December 15, 2010
By Tom Steinert-Threlkeld

This kind of breadth allows NYSE Euronext to “aggregate” the risk being engaged in by a broker’s customer. A high-speed trader may well have order-transmitting servers co-located with those exchanges in each of those data centers If the broker has established a limit for trading by that trader of 10 million shares a day, say, the gateway, as a system, can stop the trading when the threshold is crossed.

The gateway also provides the broker with a series of trading tools that lets a broker watch the flow of orders that its clients with direct access to markets are sending out and search for particular orders, as needed. This helps monitor both risks and compliance. The broker, using a Web browser, can see an aggregate view of each participant’s trading activity as well as how various filters have been applied. Through the browser, limits can be set for different customers or even specific traders at a trading firm. And the controls, Boytim points out, can be updated within a trading day.

NYSE Euronext has invested $250 million in the Mahwah data center and, in theory, it could be used as an industry laboratory to test for market risks. After all, it’s been built to host and handle the activity for all existing national exchanges as well as all those that can be expected to be launched over the next 20 years, NYSE Euronext officials say.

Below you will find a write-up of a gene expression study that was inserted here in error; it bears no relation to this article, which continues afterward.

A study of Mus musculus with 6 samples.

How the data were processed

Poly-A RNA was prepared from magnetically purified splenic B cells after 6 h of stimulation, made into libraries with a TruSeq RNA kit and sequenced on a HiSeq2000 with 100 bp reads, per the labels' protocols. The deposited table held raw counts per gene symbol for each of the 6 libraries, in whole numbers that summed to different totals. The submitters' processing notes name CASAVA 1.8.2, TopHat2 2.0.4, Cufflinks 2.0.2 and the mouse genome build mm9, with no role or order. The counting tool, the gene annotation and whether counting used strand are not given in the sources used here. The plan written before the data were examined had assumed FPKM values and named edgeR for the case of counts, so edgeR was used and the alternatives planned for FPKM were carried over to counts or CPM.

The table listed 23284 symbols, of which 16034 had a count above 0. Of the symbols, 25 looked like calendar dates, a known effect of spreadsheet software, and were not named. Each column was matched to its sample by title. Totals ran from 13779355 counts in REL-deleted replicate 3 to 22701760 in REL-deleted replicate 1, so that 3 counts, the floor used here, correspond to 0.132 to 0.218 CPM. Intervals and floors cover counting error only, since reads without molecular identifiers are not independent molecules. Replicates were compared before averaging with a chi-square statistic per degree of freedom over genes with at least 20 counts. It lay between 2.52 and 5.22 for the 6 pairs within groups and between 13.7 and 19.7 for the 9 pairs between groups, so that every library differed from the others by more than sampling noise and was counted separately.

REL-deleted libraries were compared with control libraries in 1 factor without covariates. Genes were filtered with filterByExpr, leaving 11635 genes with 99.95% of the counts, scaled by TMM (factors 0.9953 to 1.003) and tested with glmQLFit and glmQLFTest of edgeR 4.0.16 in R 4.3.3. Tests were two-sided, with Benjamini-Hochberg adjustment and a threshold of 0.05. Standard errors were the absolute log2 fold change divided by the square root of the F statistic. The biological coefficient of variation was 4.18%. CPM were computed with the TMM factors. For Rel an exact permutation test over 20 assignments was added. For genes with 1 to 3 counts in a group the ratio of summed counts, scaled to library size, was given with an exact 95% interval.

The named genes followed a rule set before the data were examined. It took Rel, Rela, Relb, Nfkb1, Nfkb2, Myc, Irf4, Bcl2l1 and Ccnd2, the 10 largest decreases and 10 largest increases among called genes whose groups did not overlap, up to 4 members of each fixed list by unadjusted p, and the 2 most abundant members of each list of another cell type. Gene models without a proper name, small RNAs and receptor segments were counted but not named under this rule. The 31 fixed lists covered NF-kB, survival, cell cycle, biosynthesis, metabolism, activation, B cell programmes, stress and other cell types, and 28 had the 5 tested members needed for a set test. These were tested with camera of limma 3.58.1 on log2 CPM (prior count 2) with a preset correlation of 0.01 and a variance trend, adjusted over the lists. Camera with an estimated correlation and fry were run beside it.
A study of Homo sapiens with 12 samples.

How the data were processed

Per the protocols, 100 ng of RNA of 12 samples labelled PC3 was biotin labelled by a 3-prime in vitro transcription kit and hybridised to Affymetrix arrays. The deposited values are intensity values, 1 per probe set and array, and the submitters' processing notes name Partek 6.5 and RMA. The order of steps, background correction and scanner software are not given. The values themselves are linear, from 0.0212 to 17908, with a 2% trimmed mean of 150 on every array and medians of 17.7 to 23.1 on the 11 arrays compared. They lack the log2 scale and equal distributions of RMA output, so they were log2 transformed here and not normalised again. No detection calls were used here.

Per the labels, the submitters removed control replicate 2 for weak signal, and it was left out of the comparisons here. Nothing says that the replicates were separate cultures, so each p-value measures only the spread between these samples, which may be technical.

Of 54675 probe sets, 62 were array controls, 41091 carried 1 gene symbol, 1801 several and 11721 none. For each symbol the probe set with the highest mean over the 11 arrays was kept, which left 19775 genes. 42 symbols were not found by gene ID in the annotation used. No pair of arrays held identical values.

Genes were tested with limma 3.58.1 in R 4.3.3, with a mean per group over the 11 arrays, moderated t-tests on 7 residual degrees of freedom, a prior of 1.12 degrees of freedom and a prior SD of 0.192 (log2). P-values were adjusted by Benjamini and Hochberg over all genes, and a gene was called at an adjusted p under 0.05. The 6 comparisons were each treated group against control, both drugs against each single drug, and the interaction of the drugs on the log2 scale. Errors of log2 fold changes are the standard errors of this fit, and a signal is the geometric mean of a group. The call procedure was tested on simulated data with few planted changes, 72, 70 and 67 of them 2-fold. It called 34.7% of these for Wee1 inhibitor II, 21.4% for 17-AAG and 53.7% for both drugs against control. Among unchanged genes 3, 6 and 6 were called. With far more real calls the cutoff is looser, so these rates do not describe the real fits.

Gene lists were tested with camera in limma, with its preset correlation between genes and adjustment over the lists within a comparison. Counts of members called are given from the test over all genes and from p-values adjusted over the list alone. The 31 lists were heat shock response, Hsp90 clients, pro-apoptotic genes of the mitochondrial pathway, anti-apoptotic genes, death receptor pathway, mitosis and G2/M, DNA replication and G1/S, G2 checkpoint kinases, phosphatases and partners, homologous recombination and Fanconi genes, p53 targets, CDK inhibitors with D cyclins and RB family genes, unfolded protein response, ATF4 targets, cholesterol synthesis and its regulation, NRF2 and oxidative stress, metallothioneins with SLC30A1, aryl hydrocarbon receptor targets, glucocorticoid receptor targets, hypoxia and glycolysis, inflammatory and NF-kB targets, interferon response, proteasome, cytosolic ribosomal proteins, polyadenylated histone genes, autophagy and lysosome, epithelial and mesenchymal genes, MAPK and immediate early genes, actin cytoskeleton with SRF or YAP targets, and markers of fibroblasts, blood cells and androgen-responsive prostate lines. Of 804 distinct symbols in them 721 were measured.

NYSE Euronext already provides comprehensive data, charting and historical analysis tools for all National Market System-listed securities, through its SuperFeed of market data and historical information from OneTick.

Mahwah also is set up with plenty of space for adding storage and computing capacity through another two decades. Each pod can hold 600 cabinets of computing power, with each cabinet holding more processing power with each passing generation of microchip technology.

Even in flat markets, the number of messages generated by trading activity is soaring, notes Steve Rubinow, NYSE Euronext’s chief information officer. This is driving innovation in storage, which is now measured in petabytes, or quadrillions of numbers and characters.

But Tuskey said throwing present or past data at algos is not necessary, if risk controls are used properly. Defining what constitutes a “good” algorithm and a “bad” algorithm is hit or miss. Past conditions don’t necessarily predict how the math will perform in new circumstances. If a particular algo shows a propensity to get stuck in a loop, spitting out orders repeatedly, a risk gateway can simply stop orders that look very similar, in their tracks.

Defining algorithms could be “error prone,’’ said Tuskey. “Whereas, risk management, it’s defined.”

And manageable. “As long as everybody’s applying it,’’ he said.